After a lot of thought in December, I decided that what I wanted most out of 2017 is to be more present in my life, something that has been a problem for many years, especially since my cancer diagnosis in 2014. I spend days worrying about the future and reliving the trauma of treatment in my head, which only creates anxiety. For me, I’ve found the best way to cope with this anxiety is to focus on how I feel in the present moment because 99.9 percent of the time, I’m feeling great. I remind myself the moment we are in, right now, is all any of us are guaranteed. As the famous Bill Keane quote goes, “Yesterday is history, tomorrows is a mystery, today is a gift of God, which is why we call it the present.”
Once I resolved to be more present, I started thinking about the tools that would aid me in being successful. One of the to-dos I jotted down on my list was to watch a movie on Netflix called Minimalism: A Documentary About the Important Things. The title intrigued me. I thought you could replace the word minimalism with cancer since the moment you’re told that you or a loved one has the disease, your whole thought process of what is important changes. The Netflix description reads, “People dedicated to rejecting the American ideal that things bring happiness are interviewed in this documentary showing the virtues of less is more.” Cancer survivors know this, but in theory, how much are we focusing on the important aspects of our lives instead of things? None of us will be on our death beds saying, “I sure wish I would’ve gotten the iPhone 7 when it came out.” We’ll be saying things like, “I wish I spent more time with my brother” or “I should have taken that trip to Africa.”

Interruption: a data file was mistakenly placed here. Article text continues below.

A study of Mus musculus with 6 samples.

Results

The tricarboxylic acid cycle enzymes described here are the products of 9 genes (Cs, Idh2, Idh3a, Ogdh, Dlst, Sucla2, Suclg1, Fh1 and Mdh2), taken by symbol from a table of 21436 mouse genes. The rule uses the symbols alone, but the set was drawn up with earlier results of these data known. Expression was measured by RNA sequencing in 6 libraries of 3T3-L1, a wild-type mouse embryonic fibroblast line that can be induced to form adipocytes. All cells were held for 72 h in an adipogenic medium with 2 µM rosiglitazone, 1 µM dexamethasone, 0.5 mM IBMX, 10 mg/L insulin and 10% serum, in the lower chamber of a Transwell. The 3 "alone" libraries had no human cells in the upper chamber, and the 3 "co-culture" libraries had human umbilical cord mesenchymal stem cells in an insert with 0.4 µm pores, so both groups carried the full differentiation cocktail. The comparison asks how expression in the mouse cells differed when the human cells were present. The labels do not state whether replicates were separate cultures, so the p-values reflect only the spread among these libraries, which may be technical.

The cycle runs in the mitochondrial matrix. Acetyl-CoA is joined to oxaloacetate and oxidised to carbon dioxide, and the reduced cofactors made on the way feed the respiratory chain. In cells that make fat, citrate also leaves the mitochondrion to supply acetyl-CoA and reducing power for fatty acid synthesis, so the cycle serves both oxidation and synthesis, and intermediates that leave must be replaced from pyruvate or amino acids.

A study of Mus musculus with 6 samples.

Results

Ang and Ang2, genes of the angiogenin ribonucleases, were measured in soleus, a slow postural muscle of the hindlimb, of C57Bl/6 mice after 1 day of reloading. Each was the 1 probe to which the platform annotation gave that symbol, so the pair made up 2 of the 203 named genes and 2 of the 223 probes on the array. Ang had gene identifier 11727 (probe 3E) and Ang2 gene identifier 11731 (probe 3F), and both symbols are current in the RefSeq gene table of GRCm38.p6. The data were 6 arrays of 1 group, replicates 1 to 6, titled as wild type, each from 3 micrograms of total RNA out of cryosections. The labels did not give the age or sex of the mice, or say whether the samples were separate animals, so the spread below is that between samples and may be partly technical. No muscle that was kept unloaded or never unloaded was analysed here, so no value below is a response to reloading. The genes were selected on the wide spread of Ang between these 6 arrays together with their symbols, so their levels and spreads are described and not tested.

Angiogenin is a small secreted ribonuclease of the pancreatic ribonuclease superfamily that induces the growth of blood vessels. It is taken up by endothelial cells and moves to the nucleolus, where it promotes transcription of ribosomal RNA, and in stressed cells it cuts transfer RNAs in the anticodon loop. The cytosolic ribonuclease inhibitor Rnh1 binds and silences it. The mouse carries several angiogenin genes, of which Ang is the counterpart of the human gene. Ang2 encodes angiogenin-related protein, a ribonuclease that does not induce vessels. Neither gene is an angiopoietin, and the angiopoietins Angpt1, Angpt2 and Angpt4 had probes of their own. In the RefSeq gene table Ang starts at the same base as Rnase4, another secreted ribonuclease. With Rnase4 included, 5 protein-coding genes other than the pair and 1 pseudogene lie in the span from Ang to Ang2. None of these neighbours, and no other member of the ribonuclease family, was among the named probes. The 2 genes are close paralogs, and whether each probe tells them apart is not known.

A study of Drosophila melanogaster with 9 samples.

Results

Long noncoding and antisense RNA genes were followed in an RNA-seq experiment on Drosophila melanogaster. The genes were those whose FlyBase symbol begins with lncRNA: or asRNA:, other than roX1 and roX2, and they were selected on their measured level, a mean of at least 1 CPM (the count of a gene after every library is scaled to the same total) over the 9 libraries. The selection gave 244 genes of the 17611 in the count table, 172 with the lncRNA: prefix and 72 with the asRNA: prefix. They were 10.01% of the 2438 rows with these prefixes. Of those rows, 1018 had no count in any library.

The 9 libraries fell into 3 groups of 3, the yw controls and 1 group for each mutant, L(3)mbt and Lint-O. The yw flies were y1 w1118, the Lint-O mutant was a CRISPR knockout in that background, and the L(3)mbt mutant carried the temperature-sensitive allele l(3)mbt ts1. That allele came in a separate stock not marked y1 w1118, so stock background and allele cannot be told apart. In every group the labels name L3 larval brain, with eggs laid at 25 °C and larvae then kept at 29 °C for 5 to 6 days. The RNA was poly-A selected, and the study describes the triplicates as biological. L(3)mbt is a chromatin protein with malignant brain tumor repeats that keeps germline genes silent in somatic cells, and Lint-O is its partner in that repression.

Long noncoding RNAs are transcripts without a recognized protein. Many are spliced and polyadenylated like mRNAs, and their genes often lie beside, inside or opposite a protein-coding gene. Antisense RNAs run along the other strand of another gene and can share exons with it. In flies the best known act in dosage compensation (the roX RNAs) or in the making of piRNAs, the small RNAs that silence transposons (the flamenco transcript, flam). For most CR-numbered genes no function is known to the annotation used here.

So, what is minimalism? The film’s website describes it as, “a lifestyle that helps people question what things add value to their lives. By clearing the clutter from life’s path, we can all make room for the most important aspects of life: health, relationships, passion, growth and contribution.”
If you’re like me and most Americans, you have too much stuff. Inspired by the film, I resolved to declutter. I made a list of the areas in my house I wanted to go through and set my timer for 20 minutes each day. Often, once I got started, I’d spend way more than 20 minutes. Within a few weeks, I decluttered my entire house, donated several bags to charity and remodeled my writing space. While my intention was to organize, I didn’t expect to experience the same radical transformation as the two subjects in the film.
I find myself much happier and living my resolution of being present with ease. Because I am not surrounded with stuff, I can breathe a bit easier. I have less general anxiety, all because my home and life are clean and organized.
Minimalism has also transformed my cancer journey, by making my life more fulfilling. A cancer survivor’s hottest commodity is time, and working towards minimalism has not just resulted in more hours in each day, but has given me quality time I can spend with my husband, friends and chasing pursuits I love, such as writing and yoga.
It has only been a month, so I’m hoping I can continue the lifestyle. My next steps are to reduce my social media presence, tackle digital clutter, comb the house again and unplug the internet one day a week – an idea that might be a hard sell to my husband.
If you’re interested in reducing anxiety, increased quality time with loved ones and pursuing your passions, I encourage you to check out www.theminimalists.com where you’ll find details about the documentary, their podcast, books and social media pages.
To read all my articles with Cure, click here.